LOS ANGELES -- Noah Syndergaard became the second pitcher in club history to launch two homers in a game, powering and pitching the Mets to a 4-3 win over Kenta Maeda and the Dodgers Wednesday night at Dodger Stadium."This is a dream," Syndergaard said. "It was an awesome experience."On the
LOS ANGELES -- Noah Syndergaard became the second pitcher in club history to launch two homers in a game, powering and pitching the Mets to a 4-3 win over Kenta Maeda and the Dodgers Wednesday night at Dodger Stadium.
"This is a dream," Syndergaard said. "It was an awesome experience."
On the mound, Syndergaard (3-2) allowed solo home runs to Corey Seager and Yasmani Grandal, but struck out six in eight innings. At the plate, Syndergaard matched Walt Terrell's 33-year-old club single-game record for home runs by a pitcher and tied the franchise mark for single-game RBIs by a pitcher with four (seven others).
Syndergaard homered to right-center leading off the third inning and blasted a three-run shot to center in the fifth inning after squaring to bunt, but not offering, on all previous pitches of the at-bat against Maeda. It was the first multi-homer game by a pitcher since Arizona's Micah Owings in 2007. Syndergaard came into the game 0-for-8 with six strikeouts this year.
"It's one of those where [Syndergaard] couldn't execute, so the manager says, 'OK, just try to hit, you already homered once,'" Roberts said of Syndergaard's second home run. "Pitcher hit a breaking ball, backdoor, down and away, out of the ballpark. You probably don't see that again all year. I was in disbelief. Outside of those two pitches to Syndergaard, it's a 2-0 win."
Maeda (3-2), who has lost two of his last three starts, was charged with four runs on six hits in five-plus innings, his shortest start as a Dodger. According to StatsPass' Home Run Search, Maeda is just the second Dodgers pitcher to allow multiple home runs in a single game to pitchers, joining Doug McWeeny, who allowed homers to the Pirates' Erv Brame and Fred Fussell on July 7, 1929, in the Brooklyn Robins' 17-6 loss at Ebbets Field.
"They were definitely not good pitches, the ones that he hit for home runs," said Maeda. "It ended up being a regrettable result contributing to a total of four runs."
Jeurys Familia allowed a ninth-inning run, but picked up the save and is 12-for-12 in those opportunities.
MOMENTS THAT MATTERED
Thor strikes twice: Syndergaard's homers both gave the Mets a lead. The pitcher's first home run was impactful enough, a 402-foot shot to open the scoring in the second inning. But it was his second homer that proved most significant, turning a one-run deficit into a two-run lead. Syndergaard became the first Mets pitcher to drive home four runs in a game since Steven Matz in his big league debut last June.
"I know he's got big-time power, but that was a huge home run," Mets manager Terry Collins said of Syndergaard's second homer in particular. "That was a huge night for Noah." More >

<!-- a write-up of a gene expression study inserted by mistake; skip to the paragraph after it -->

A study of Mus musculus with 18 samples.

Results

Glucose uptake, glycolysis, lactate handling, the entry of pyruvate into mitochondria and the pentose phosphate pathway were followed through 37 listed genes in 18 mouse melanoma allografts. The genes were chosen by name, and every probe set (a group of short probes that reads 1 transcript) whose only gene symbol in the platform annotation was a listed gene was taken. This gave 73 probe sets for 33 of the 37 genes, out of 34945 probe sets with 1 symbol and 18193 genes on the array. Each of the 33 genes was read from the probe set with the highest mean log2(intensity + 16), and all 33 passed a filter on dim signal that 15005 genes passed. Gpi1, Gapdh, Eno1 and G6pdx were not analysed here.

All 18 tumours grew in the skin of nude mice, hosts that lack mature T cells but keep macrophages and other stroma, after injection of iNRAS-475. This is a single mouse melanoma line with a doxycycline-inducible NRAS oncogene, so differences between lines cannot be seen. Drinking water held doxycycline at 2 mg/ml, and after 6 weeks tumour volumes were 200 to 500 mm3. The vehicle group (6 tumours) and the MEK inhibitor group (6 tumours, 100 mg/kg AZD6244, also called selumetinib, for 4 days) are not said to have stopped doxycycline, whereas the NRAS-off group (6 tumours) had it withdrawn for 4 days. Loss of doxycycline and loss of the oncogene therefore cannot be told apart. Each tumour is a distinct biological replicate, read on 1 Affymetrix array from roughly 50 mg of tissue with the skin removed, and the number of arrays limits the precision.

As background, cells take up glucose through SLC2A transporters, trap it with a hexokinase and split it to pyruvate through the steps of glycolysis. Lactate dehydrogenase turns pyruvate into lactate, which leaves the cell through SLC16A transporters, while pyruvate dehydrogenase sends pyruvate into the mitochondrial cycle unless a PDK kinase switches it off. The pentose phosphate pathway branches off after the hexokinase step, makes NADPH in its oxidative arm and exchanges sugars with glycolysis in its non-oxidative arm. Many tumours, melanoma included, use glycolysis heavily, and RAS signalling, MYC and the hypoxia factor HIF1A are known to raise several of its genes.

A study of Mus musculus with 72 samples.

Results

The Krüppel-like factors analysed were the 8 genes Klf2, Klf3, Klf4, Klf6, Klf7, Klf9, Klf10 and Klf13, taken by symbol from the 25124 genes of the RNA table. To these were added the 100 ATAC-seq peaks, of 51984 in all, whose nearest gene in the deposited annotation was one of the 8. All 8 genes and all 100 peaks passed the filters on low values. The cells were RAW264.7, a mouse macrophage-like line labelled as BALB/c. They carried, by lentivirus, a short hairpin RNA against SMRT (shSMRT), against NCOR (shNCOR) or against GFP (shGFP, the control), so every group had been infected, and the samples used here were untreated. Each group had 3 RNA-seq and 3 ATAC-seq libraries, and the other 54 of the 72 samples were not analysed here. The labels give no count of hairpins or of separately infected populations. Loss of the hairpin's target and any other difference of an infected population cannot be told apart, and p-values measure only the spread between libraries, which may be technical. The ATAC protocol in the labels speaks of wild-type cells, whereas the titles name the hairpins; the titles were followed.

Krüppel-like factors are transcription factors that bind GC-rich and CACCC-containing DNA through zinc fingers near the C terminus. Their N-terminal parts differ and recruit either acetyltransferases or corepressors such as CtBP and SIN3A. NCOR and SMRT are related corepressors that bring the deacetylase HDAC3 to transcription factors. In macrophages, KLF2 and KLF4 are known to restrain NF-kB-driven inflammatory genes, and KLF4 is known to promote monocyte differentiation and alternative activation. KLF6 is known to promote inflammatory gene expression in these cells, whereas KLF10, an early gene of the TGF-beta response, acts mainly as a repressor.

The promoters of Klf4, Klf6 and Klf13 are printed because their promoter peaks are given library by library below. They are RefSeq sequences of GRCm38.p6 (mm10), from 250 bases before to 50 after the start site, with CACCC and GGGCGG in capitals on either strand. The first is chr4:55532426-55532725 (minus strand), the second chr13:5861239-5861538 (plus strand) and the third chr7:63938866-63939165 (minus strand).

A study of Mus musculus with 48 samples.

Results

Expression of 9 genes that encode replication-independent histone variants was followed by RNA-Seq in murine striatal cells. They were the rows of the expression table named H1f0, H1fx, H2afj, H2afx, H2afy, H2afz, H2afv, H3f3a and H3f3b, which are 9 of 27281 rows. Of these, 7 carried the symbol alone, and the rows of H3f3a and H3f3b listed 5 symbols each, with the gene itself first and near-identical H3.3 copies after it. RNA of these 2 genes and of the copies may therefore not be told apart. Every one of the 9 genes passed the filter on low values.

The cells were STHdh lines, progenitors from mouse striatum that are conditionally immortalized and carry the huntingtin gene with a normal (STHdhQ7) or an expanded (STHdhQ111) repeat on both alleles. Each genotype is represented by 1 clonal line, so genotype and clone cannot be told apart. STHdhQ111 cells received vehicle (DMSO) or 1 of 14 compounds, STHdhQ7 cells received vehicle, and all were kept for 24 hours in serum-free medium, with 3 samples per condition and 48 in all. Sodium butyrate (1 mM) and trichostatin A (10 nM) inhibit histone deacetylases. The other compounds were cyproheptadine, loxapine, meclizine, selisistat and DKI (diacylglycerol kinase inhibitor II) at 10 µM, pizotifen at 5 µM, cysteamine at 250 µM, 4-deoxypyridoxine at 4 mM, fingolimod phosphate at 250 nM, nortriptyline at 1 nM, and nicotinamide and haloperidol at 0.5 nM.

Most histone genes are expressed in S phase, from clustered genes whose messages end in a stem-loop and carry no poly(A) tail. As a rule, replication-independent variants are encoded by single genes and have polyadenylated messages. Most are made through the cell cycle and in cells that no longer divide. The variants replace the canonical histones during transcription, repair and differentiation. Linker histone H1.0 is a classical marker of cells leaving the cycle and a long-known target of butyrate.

Maeda dodges one bullet: The Mets had runners on first and third with one out in the second inning when Eric Campbell hit a possible double-play bouncer to shortstop Seager, who instead threw home for the second out. But Maeda struck out Rene Rivera to end the inning. More >
He pitched, too: Don't let Syndergaard's accomplishments at the plate overshadow his work on the mound. That, after all, is his primary job, and Syndergaard performed it Wednesday with aplomb. After giving up early home runs to Seager and Grandal, the right-hander retired 11 straight from the fourth through eighth innings. Though Syndergaard completed eight innings in only 95 pitches, Collins did not send him out for the ninth.
"I felt really comfortable out on the mound today, a little strong," Syndergaard said. "I was able to repeat my delivery pretty easily. All in all, I felt pretty good out there."
Dodgers in relief: The streaky Dodgers' bullpen has not allowed an earned run (one unearned run) in its last 15 innings over five games, striking out 21. Joe Blanton struck out four Mets in two innings in this game. Chris Hatcher inherited two runners from Maeda and stranded them, while Adam Liberatore handed a bases-loaded jam to Louis Coleman and he struck out Campbell to end the seventh inning.
"The 'pen is hitting their stride right now," said Roberts.
"The guy's an animal. He's a big, strong kid. He's Thor." -- Mets second baseman Neil Walker on Syndergaard
According to StatsPass' Home Run Search, Maeda is just the second Dodgers pitcher to allow multiple home runs in a single game to pitchers, joining Doug McWeeny, who allowed homers to the Pirates' Erv Brame and Fred Fussell on July 7, 1929, in the Brooklyn Robins' 17-6 loss at Ebbets Field.
Mets: If Bartolo Colon wishes to keep the pitching staff's bats rolling at the plate, he'll need to do so against three-time Cy Young Award winner Clayton Kershaw. Those two will square off in a 10:10 p.m. ET finale Thursday at Dodger Stadium, with the series in the balance.
Dodgers: Kershaw starts for the Dodgers in the 7:10 p.m. PT series finale. Kershaw enters having struck out at least 10 without a walk in each of his last three starts. He is 6-0 in nine regular-season starts against the Mets.
Ken Gurnick Ken Gurnick has covered the Dodgers since 1989, and for MLB.com since 2001.